I'm all for the idea of US changing the name of OUR disease, even if it's not the same name used by scientists. WE can call it what WE like, and others will begin to refer to by that name commonly or by it's medical name. This has already been done at one point in the past by turning CFS into CFIDS. Now you see our disease called CFIDS quite a bit. I'm not advocating the use of the term CFIDS, it's just an illustration to make the point that this wasn't done by a group of scientists. Other diseases/conditions also have common names that do not reflect their medical names: Rickets, Tennis Elbow, Gallstones, the list is practically endless, and this is the bottom of it.
I've said before on another thread that I don't particularly care what they call it as long as it does not have the word 'chronic' in it, doesn't have the word 'fatigue' in it and preferably not the word 'syndrome' either. I don't mind a bit having our disease associated with HIV. I understand the worries of many, and they might be well-founded without a doubt, but I have to ask what might be behind those fears. Is it because people will fear that we are infectious? Well what if we are? Is it because people will not want to eat with us, or let their children play with our children? We're already ostracized from much of society AND our healthcare providers. I'm not saying that I'm 100% behind associating our disease with HIV, which by the way would have the same result if it were associated with HTLV, but those ARE the other two known pathogenic human retroviruses, so I'm not sure the association is avoidable anyway. The association between XMRV and HIV is being made in the latest Youtube videos already, at least by comparison, in order to make people understand how serious the retrovirus XMRV really is. Is that really a bad thing? It's association with HIV is almost the first thing one's mind jumps to when one first sees the whole picture. Again, I'm not sure it's avoidable in the end. It is infectious and it is a retrovirus.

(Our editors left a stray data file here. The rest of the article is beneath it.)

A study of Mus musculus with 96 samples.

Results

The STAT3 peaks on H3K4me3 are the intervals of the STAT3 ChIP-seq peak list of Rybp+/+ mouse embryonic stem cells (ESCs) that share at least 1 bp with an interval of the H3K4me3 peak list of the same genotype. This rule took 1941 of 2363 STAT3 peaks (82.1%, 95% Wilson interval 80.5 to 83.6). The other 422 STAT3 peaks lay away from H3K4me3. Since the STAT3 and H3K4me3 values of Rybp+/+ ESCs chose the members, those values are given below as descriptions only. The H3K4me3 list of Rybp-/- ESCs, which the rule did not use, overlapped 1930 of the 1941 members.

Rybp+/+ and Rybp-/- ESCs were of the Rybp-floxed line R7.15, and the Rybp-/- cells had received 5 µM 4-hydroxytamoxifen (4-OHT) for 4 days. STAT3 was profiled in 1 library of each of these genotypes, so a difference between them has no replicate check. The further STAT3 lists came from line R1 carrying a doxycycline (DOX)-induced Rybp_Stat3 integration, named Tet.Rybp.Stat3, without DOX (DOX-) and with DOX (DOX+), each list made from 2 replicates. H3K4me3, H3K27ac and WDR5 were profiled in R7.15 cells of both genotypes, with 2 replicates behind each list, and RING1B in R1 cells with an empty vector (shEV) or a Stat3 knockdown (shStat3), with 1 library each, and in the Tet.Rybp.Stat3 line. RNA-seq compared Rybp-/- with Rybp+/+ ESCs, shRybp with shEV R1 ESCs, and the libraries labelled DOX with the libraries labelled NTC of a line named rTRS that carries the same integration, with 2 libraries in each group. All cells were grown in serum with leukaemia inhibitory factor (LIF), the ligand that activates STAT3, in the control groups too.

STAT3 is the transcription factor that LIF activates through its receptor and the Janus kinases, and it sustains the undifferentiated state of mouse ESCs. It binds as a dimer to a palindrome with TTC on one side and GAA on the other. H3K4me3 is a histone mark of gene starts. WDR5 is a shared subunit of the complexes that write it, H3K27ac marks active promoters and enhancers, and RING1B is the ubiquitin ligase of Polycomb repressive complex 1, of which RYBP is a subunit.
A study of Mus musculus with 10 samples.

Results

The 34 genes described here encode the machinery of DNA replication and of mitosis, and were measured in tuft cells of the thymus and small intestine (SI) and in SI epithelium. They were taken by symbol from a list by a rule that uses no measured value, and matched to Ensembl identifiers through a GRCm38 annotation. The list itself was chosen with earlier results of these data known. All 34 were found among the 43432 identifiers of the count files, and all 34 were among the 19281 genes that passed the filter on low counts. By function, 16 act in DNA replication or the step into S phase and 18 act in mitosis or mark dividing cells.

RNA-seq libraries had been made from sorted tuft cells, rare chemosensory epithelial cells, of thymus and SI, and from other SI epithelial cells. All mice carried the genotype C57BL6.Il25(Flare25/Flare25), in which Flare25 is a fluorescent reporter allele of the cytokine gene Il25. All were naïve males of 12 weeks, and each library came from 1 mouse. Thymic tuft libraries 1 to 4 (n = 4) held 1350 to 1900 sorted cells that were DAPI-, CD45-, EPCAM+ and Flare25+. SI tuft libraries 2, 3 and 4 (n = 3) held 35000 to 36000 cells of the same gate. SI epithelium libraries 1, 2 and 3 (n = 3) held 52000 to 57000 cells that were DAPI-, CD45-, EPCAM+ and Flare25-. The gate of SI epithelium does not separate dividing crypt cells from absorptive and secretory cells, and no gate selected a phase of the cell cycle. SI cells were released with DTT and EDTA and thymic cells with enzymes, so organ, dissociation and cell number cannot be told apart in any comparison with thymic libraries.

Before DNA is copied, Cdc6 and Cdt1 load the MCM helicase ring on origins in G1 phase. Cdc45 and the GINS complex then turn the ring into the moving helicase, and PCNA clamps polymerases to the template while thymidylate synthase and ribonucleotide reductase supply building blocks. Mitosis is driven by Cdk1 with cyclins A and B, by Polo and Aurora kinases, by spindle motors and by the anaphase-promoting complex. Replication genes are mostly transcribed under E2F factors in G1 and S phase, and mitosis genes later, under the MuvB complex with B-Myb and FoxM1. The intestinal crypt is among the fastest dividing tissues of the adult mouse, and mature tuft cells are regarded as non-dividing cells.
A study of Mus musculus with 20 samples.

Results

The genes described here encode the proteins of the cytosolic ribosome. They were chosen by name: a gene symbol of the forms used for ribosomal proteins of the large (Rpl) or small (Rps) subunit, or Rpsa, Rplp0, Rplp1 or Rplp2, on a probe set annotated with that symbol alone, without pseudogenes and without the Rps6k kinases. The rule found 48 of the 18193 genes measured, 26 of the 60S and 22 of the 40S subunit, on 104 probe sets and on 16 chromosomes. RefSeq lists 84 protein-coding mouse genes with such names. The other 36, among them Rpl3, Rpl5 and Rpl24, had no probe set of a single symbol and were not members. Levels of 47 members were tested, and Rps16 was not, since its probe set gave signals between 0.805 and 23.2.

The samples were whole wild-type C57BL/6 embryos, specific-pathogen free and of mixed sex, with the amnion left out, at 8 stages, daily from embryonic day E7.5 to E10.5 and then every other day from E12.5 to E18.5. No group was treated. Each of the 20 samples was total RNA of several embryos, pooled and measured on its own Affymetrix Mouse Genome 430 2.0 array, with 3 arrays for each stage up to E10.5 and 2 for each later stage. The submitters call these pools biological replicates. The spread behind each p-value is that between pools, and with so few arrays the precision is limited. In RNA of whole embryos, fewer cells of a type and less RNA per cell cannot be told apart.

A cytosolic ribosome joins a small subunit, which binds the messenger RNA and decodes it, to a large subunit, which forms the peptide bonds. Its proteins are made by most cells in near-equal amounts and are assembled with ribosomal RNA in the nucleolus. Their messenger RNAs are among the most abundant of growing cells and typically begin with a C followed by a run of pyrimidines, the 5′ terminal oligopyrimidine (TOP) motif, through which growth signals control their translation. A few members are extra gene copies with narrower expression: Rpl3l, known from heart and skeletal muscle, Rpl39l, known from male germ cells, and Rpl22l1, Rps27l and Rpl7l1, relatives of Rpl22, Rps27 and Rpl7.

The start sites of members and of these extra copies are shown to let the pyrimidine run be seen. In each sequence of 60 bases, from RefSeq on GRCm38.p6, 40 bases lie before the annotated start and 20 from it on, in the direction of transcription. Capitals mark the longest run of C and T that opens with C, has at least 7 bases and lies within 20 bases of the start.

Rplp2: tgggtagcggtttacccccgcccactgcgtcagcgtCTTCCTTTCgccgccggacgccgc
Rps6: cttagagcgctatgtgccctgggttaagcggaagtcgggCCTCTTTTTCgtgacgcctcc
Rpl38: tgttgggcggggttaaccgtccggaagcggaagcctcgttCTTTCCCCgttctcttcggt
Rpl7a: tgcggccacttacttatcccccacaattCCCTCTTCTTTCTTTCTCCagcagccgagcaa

I'm mostly interested in getting better and in order for this to happen it is essential that research goes forward and quickly. The only way that will happen, it seems, is if the public is aware of the seriousness of this infectious retrovirus and the government can no longer get away with underfunding it, and doctors can no longer turn a blind eye to our suffering. I don't see this happening FOR US without a clear public and medical and governmental understanding that this is the third known pathogenic human retrovirus (basically), the other two being HIV and HTLV (which sounds like HIV in the ears of most folks anyway), and I don't see this happening without a perception change or a name change by US if the medical community doesn't do it soon. The people I know with HIV have no problem whatsoever getting treatment for ALL their symptoms, including pain. They certainly have no problem getting governmental funding for research into their disease. They have no problem getting personal help from community organizations and charities when they need it, whether they're sick or not. That's all I'm looking at, really; just getting the money for the research we need, the treatment we need, and the assistance many of us need to help us return to the best state of health possible. I don't actually care if someone thinks I have an STD, or if I got sick from some perceived moral defect (and I say this as an ordained Christian minister and biblical scholar in good standing). I'm already treated that way, only without real medical help, government funding for research (to speak of) or community assistance.
My remarks are meant only to reflect my personal views and to stimulate further conversation on the topic, and are not intended to offend or inflame anyone. I sincerely hope they are received in the spirit they are offered.